Tuesday, September 16, 2008

Jacqui's Room Notes: the Jacqui's Room Notes

There they are. My 15 Classics in 15 Weeks, with the exception of the ones I had to return to the library. I put Pride and Prejudice in there too, since she started the whole thing. Total number of pages read: 6,453.*

If you are look to the left on this page (you may have to scroll down), you can see the whole list. Click on a title to see the Jacqui's Room Notes.

"What have you learned?"

1. Don't fear Tolstoy.
I liked most of the books, not just appreciated them, but actually enjoyed them. This sounds strange, but the fact is that I'd never have gone into a bookstore and said, "I think I'll try Silas Marner." I tend to focus on modern books and to believe people when they complain about assigned reading. No more.

2. Jane Austen sure could write.
It sounds obvious, but reading the classics was writing boot camp.

3. There are many other goofy-humored book dorks out there.
I can spout all day in a literary way** about Blood Meridian, but I think everyone's favorite Jacqui's Room Notes post is still Moby Dick. Am I right? Tell me, please. Which was your favorite? I'm curious.

4. Six Degrees of Separation applies to writers.
Everybody I read this summer read everybody else. Whitman referenced Melville, who was a friend of Hawthorne, who talked about Dante, who's in Goethe and McCarthy and everybody else, for that matter. And they all loved Cervantes. So my sense that I would be a better reader having read these 15 was spot on.

"But who won???"
I have three winners: Diane T., J.Thorp, and Kristi Valiant, each of whom seems to have read, well, a bunch of books this summer, and to have posted his or her own notes, all of which I found very interesting. Winners will receive a very cool (in a bookish way) small pack of bookish paraphernalia including bookmarks and a "Books! I Need Books!" button.

So, what about you? Did you meet your own classic-reading goal? Tell us about it in the comments.

"What's next?" people keep asking. Well, I have to crawl into a hole and not come out until my YA is finished. You should do the same. Catch up. Get what you have to get done done.

Because in November, you have work to do. You have a novel to write. Stay tuned.

*not counting the middle 500 million pages of Moby Dick, for which "read" is probably an exaggeration
** unintentional sing-song rhyme


Diane T said...

I am a winner!
Thank you very much, Jacqui
Now give me my prize!

Actually, thank you for the inspiration. I am having so much fun writing my haiku reviews, and discovering new writers to read (and avoid) has been edumacating.

I think my favorite review was the one for Dune. Although Moby Dick was extremely entertaining (the review, not the book), I preferred the sandy satire of the silly, spurious sci-fi speeches.

Bish Denham said...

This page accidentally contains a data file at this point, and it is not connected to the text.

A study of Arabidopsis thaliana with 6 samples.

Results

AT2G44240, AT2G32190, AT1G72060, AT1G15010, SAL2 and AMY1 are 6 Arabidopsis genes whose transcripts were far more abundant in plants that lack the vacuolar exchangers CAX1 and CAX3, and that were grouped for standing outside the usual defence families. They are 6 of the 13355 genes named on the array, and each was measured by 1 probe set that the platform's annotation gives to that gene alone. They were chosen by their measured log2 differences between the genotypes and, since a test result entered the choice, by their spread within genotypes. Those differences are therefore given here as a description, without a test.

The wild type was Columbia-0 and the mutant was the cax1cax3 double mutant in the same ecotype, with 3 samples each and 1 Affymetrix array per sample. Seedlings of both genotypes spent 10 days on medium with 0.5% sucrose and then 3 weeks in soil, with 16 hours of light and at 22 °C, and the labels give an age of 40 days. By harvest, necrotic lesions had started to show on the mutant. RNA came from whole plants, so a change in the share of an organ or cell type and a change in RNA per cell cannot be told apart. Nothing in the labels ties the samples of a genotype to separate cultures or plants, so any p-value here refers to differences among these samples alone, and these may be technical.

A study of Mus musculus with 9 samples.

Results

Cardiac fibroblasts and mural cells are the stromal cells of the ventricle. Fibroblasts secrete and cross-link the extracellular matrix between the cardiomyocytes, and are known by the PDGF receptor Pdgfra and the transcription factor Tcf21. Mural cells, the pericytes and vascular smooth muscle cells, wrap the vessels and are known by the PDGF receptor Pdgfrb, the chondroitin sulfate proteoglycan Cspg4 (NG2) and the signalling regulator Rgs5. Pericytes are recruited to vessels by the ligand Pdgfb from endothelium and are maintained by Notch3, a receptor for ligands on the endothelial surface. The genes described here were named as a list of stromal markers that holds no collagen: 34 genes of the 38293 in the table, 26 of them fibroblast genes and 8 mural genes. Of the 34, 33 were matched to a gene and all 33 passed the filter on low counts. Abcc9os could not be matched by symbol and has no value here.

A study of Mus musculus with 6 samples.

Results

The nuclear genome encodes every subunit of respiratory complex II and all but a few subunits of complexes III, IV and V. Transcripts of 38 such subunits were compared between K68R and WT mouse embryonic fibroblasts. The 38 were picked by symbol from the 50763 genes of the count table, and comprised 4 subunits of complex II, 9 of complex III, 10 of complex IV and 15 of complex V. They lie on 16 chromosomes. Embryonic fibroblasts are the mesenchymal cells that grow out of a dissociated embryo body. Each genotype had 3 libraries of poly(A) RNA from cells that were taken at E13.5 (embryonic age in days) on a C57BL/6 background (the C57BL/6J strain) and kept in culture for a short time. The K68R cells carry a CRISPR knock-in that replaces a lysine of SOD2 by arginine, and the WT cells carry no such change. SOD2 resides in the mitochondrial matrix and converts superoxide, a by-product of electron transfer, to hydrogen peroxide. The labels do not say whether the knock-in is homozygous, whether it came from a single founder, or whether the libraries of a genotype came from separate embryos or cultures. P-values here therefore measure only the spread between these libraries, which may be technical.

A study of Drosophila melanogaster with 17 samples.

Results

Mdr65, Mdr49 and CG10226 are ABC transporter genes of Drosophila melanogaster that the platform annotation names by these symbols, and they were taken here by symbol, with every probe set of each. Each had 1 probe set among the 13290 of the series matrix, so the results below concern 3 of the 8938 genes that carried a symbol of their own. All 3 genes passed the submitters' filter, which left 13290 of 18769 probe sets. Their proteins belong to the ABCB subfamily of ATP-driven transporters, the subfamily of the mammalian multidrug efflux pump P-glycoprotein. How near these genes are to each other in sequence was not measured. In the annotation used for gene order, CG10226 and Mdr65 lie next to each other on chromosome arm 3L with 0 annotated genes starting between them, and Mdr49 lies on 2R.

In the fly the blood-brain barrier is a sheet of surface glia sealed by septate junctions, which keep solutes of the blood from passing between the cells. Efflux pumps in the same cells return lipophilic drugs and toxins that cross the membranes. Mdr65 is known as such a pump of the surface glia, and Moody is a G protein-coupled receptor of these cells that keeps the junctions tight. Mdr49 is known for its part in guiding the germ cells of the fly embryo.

Well I'm impressed. There's no way I could read one of those book in just a week, I'm such a s....l.....ooooo....w reader. I can say I've read 7 of the 15, but a very long time ago.

I liked your Don Quixote review. If I'm not mistaken, isn't it considered the first novel?

Marcia said...

This is a fascinating project. All good points, but the two that really jumped out at me are "Jane Austen could sure write" (she sure could) and the six degrees of separation. They DO mean it when they say the writing community is small.

Tabitha said...

I admire your tenacity. You read some classics that I had the worst time getting through. Some, not at all. :) I thoroughly enjoyed your reviews, so thanks for sharing!!

Amber Lough said...

Your best review was, without a doubt, the one for Dune.

And I must sheepishly admit that I LIKED that book. I was thirteen when I read it, and it took me to another world. Plus, I was in the Middle East at the time, so it was appropriate, in a way.

The old movie is better than the book, though. And Sting is in it. ;-)

Jacqui said...

Diane, I heart your haiku and am always happy to edumacate someone!

Bish, I do think DQ is considered the first novel. How did it ever occur to him?!

Marcia, thanks.

Tabitha, I would like to say I breezed through them all easily, understanding every nuance and never skimming or complaining, but...

Amber, I was harsher on Dune than it deserves, I think. I think if I'd read it at 13, I would have been transported too. Sting, eh? Hmm.

C.R. Evers said...

Hey Jacqui! I've tagged you in a meme on my blog. Tag. You're it! :0)


J. Thorp said...

wha-? i won? i won?! I WON! woohoo!

i will finish the 15. as coach is my witness, i will -- and i'll post the notes to prove it. 15 classics in, erm -- 15 ill-defined but selection-appropriate periods of time.

still reading "east of eden." i love it so very much, and my slowness is a reflection of that love. to paraphrase jack nicholson in as good as it gets, it makes we want to be a better writer.

now take a breather, j, and enjoy the tao of pooh.

Kristi Valiant said...

Sounds like a fun prize! Thanks!

My favorite reviews of yours were Moby Dick and Dune. You are so super creative. Thanks for challenging us to read all these books, Jacqui. I just finished yet another classic, Journey to the Center of the Earth and loved it! I think I'll keep up the classics for a bit.